Sabbath sets restlessness aside, though, telling those who take time for it that they, and the ones they're with, are gifts from God, added the Duke Divinity School professor.
"The Sabbath is that time when you learn to reflect about your life" and to see God in others, said Wirzba, a research professor of theology, ecology and rural life. It may be, he suggested, one of the most underutilized, but most important, things to be learned from the Bible, able to prevent people from being perpetually bored, distracted or, in Pink Floyd's words, "comfortably numb."
Wirzba noted that early Jews-who called the Sabbath "a taste of heaven"-"understood people can be alive, yet dead at the same time." And having a demeanor dead to the world is "an awful place to be," he said.
In addition to being "good at making us restless," advertising further aims to make consumers unhappy so they'll spend more money, said Wirzba, also a research professor at Duke University's Nicholas School for the Environment. He recounted abstaining from television and magazines in his home for years because of advertising, but simply seeing it in magazines he picked up in his doctor's waiting room "made me ungrateful for what I had."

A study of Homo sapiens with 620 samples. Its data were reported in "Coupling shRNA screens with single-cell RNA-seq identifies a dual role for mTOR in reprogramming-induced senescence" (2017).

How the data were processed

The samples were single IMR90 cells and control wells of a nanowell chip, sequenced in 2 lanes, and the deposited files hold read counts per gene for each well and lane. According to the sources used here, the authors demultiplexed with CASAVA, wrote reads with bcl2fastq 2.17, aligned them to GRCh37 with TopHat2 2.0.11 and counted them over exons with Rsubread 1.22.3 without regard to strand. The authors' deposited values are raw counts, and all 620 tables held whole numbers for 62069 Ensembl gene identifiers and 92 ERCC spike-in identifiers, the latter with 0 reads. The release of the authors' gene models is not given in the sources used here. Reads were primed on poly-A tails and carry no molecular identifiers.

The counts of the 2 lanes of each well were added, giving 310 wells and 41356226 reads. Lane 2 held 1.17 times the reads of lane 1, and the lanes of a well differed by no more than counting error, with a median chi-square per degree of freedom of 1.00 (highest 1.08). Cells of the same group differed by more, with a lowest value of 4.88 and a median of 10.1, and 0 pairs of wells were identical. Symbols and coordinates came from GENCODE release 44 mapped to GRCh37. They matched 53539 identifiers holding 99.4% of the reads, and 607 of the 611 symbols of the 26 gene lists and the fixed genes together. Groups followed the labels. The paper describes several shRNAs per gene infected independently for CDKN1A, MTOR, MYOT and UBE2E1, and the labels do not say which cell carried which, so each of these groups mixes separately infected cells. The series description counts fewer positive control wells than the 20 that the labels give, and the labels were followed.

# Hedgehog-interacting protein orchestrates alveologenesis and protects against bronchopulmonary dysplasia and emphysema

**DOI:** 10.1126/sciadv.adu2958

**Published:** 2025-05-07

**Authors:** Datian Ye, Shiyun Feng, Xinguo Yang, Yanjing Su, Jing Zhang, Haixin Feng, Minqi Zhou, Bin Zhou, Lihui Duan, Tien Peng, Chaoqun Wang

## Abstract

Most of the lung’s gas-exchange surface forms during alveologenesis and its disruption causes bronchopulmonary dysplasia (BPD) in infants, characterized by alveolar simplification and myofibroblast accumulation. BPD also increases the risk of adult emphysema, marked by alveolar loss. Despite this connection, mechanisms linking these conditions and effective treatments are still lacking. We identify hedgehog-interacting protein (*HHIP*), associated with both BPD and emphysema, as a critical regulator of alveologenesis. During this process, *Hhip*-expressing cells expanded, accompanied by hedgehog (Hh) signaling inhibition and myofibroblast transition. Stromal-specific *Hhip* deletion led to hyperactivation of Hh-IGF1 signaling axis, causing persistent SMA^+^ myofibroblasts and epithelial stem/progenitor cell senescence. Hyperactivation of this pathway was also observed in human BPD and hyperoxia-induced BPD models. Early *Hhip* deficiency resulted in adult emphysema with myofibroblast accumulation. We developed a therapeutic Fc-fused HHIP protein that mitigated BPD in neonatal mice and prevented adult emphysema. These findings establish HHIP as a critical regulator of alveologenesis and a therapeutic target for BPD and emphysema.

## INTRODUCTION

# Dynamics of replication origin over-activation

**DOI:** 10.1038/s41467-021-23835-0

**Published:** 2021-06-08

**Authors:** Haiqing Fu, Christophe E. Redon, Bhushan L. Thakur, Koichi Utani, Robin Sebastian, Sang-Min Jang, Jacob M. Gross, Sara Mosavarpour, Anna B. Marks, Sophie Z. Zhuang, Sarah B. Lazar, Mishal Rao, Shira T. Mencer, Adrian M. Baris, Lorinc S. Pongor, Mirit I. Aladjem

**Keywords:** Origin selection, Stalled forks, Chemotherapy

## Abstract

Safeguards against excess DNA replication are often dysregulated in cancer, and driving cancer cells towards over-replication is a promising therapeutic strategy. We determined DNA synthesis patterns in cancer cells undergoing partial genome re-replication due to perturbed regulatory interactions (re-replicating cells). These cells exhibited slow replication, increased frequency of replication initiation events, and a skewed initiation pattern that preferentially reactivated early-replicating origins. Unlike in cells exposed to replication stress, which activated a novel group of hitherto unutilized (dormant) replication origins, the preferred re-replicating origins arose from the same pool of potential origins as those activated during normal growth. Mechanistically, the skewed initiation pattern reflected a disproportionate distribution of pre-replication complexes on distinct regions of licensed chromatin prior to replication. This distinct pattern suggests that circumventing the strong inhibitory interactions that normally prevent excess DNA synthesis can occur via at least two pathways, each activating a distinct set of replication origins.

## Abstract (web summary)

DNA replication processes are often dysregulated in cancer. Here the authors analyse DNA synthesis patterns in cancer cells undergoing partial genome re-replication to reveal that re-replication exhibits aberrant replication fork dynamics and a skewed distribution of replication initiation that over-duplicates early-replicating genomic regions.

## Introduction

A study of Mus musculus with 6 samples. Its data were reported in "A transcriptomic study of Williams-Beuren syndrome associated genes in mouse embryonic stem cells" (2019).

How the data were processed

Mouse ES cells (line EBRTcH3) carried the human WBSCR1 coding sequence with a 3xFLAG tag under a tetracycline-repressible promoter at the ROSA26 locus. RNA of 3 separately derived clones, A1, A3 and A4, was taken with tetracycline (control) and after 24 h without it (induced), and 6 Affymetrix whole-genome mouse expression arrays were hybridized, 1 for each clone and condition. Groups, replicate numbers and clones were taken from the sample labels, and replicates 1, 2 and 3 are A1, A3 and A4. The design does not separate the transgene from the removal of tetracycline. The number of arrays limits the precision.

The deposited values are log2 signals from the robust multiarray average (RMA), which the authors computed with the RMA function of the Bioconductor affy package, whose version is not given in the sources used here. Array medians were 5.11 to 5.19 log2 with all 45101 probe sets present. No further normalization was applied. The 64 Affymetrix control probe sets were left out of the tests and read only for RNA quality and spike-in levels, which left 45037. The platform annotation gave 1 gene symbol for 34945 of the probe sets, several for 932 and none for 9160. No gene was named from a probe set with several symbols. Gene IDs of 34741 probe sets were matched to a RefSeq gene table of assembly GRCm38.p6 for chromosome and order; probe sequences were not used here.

But if "the grass is always greener" elsewhere, he maintained, it's not really because there's actually something, or someone, better to be continually pursued, but rather "because you're not watering where you are."
The person in that situation hasn't "found out what you already have and ways to delight in it," as God intended from the time of creation, Wirzba said. "We're not paying attention to where we are, and paying attention is profoundly important."
The father of four didn't exempt himself, acknowledging that he wrote the book "Living the Sabbath: Discovering the Rhythms of Rest and Delight" for himself because it's so tempting not to be attentive. It's easy to co-exist rather than attend to loved ones when everyone has a full schedule, he added, but making time for each other is essential.
And making "mutual delight" with others a priority requires their help, especially in what Wirzba called an "anti-Sabbath culture." He recalled making his students take an inventory of how they spent their time, which would eventually amount to years spent surfing the Internet or watching TV at the expense, he said, of cultivating relationships and tending to the health of each other-and the world. Practicing Sabbath regularly, he recommended, could start with friends getting together and asking each other how they could go about it creatively.
"The whole week is preparation for Sabbath," Wirzba said, "and the whole week flows from Sabbath."